At the time of his death, Los Angeles Angels pitcher Tyler Skaggs had the opioids fentanyl and oxycodone in his system, along with alcohol, according to a toxicology report obtained by Maria Torres and Mike DiGiovanna of the Los Angeles Times.
Torres and DiGiovanna report the cause of death is listed as a mixture of "alcohol, fentanyl and oxycodone intoxication with terminal aspiration of gastric contents," which essentially means Skaggs choked on his own vomit while under the influence. The report lists his death as an accident.
In a statement, Skaggs' family said an Angels employee may have been involved in the 27-year-old's death.
"We are heartbroken to learn that the passing of our beloved Tyler was the result of a combination of dangerous drugs and alcohol. That is completely out of character for someone who worked so hard to become a Major League baseball player and had a very promising future in the game he loved so much.
"We are grateful for the work of the detectives in the Southlake Police Department and their ongoing investigation into the circumstances surrounding Tyler's death. We were shocked to learn that it may involve an employee of the Los Angeles Angels. We will not rest until we learn the truth about how Tyler came into possession of these narcotics, including who supplied them. To that end, we have hired attorney Rusty Hardin to assist us."
MLB plans to investigate the claim an Angels employee may have been involved in Skaggs' death. "We were unaware of this allegation and will investigate," a league spokesman told Bill Shaikin of the Los Angeles Times.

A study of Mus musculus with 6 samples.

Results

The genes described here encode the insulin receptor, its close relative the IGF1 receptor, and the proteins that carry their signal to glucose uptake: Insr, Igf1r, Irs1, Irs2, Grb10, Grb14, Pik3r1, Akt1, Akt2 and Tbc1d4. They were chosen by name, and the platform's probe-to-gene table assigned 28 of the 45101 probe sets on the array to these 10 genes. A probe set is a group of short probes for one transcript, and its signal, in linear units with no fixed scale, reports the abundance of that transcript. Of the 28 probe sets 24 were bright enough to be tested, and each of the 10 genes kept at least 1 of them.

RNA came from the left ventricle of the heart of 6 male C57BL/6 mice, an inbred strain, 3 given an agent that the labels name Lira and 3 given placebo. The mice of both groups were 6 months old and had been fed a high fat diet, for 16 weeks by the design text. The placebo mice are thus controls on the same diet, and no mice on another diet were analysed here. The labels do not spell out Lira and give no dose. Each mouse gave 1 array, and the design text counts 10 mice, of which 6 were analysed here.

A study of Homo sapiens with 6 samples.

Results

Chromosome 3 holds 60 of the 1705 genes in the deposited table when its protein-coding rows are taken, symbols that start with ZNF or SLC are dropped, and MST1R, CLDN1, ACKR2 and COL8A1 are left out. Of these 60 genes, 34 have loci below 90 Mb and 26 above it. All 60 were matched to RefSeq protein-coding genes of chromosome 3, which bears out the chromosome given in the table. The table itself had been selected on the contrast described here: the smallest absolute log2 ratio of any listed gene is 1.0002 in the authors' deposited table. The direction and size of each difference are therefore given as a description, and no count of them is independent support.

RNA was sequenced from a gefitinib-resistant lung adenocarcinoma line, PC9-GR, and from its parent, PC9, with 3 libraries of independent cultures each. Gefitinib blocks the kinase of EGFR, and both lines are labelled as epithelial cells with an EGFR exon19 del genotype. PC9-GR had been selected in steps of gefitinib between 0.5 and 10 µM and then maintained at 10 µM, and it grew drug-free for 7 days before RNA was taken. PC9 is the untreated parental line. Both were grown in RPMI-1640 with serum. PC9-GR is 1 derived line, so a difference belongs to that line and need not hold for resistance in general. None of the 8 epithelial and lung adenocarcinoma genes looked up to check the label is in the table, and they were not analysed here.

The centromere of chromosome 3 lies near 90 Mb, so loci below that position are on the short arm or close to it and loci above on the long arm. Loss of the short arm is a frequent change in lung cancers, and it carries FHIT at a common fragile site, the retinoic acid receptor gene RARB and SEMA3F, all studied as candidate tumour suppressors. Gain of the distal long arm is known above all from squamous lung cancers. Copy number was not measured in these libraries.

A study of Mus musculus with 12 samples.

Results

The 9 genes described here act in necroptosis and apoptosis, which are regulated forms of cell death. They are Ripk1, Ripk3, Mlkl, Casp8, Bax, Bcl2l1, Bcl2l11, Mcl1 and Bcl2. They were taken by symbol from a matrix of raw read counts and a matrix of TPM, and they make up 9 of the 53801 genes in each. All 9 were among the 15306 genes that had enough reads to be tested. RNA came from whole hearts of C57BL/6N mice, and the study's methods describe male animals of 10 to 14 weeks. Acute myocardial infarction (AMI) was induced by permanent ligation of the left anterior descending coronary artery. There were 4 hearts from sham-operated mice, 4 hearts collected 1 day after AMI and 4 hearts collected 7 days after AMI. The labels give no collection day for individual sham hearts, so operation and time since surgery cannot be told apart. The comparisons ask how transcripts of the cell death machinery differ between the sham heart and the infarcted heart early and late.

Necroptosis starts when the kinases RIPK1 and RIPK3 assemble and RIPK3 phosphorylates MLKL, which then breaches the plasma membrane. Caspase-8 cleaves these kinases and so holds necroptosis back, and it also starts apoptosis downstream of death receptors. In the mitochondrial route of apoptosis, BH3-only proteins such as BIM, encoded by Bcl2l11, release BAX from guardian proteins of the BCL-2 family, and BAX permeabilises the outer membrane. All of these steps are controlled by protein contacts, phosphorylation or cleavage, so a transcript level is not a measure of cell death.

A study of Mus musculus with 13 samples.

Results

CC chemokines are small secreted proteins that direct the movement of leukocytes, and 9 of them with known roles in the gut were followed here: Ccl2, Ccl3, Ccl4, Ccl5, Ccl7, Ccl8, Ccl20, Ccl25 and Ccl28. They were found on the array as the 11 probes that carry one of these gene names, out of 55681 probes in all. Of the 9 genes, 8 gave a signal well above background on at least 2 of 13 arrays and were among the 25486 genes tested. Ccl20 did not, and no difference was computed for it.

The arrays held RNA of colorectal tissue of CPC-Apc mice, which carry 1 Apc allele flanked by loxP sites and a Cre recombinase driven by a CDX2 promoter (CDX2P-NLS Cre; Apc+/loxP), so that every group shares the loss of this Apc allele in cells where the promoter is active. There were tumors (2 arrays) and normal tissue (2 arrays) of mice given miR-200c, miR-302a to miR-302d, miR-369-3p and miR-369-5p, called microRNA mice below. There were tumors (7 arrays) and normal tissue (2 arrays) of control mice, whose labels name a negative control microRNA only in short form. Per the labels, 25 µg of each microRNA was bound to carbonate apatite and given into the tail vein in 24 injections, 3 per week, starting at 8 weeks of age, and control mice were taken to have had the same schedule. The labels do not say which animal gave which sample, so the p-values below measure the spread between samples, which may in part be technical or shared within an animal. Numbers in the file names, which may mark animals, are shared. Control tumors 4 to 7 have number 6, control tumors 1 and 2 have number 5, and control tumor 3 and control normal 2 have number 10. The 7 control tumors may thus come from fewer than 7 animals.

"Tyler was and always will be a beloved member of the Angels Family and we are deeply saddened to learn what caused this tragic death," the Angels said in a statement. "Angels Baseball has provided our full cooperation and assistance to the Southlake Police as they conduct their investigation."
A forensic pathologist consulted by the Los Angeles Times said the "level of fentanyl (found in Skaggs' system) is a significant amount that could produce death." Oxycodone and alcohol would have also contributed, according to the consultant.
The Angels were in Texas to play the Rangers when Skaggs was found dead at the team hotel on July 1. He was found fully clothed in his bed with no signs of physical trauma. His body was found after he failed to report to the ballpark on time for the day's game.
Although fentanyl is not listed on MLB's banned substance list, it is automatically prohibited because it is listed as a "drug of abuse" by the federal Drug Enforcement Administration.
Hardin, the lawyer retained by Skaggs' family, told the Los Angeles Times it is "way too early for us to speculate" whether there is grounds for legal action against the team.